Type used by “The Flag of the Union” to print Poe’s story

At Lead Graffiti we are in the process of starting work on a printing of Edgar Allan Poe’s “X-ing a Paragrab.” It was published in 1847 in a publication called “The Flag of the Union,” so before Linotype and Monotype.

I’m trying to figure out what the typeface is.

At various times I’ve thought it was Baskerville, Devinne, Scotch and a couple more I cannot remember.

I’d love for any of you that are into letterpress CSI to offer up your suggestions for us to consider.

Here is a sample from a photo of the original page.

A few things to consider from the quite enlarged original photograph.

The capital R is distinct.
The “T” is quite wide.
The “A” seems a bit condensed but may be an artifact of the .jpg.
Bowls of the “B” are fairly even on the right side
“S” seems a bit squashed.
“j” is a pretty long descender.
The “k” has a low center of gravity

I through in a few italics that might help.

We appreciate anything anyone can offer.

Ray Nichols | Jill Cypher | Lead Graffiti

image: x-ing for APA.jpg

x-ing for APA.jpg


That seriously helped. Looking through the catalog you referenced nicely, I found Pica 1. Close enough to give it a run.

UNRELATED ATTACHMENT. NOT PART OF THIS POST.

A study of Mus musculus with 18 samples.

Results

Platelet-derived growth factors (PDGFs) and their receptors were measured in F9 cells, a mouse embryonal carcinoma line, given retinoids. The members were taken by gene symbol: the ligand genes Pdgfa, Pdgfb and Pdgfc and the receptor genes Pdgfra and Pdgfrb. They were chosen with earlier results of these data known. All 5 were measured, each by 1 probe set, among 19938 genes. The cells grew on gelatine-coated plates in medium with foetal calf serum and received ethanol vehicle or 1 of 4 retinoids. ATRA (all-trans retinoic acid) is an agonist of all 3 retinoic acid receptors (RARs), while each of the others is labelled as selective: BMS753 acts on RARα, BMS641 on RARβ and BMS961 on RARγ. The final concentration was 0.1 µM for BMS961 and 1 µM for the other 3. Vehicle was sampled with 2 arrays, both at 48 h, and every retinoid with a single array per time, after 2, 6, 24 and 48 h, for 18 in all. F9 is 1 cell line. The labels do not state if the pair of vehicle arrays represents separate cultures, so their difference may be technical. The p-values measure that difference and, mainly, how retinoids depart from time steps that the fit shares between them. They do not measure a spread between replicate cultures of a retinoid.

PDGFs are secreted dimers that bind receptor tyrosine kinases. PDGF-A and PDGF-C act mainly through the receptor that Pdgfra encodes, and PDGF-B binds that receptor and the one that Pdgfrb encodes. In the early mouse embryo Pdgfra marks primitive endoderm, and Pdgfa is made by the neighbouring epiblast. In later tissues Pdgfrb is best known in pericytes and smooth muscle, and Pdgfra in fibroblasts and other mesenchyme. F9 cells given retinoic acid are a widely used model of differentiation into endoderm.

I’ve proofed about 35 typefaces from 10 point to 10 line which I’ve scanned and traced in Adobe Illustrator. I use that digital type taken from printed type to create a photopolymer plate. The process is somewhat strangely similar to the hand-setting of type. You have to pull the type from one file, 1 letter at a time, and place it into another file, arranging the type, spacing, etc.

So, I scanned Pica 1 from the catalog and set the line. The catalog doesn’t give you the lowercase alphabet, so I scanned the sample body copy but couldn’t get all the letters. You’ll notice there is no “k.” Or “w,” which I made from 2 “v”s.

Anyway, here is the first line of Poe’s “X-ing a Paragrab, as accurately as was reasonable.

In the 2 or 3 hours all that took, it occurred to me that I didn’t have to do this for the whole 350 lines. I could get 350 people interested in letterpress to each do one of the lines.

I would put the image up, but I cannot get it to upload and I don’t have spaces symbols in the name.

image: briarpress-1000.jpg


The image was too big, and I forgot to remove the line that I couldn’t upload it.

We do a similar illustrator process for making quick design proofs before setting type. More recently, I’ve been working with a plugin called fontself (https://www.fontself.com) to output scans as font files, which has definitely sped up that process. It’s fairly straight forward. The font file is definitely not sellable, but works well enough to proof or make plates from.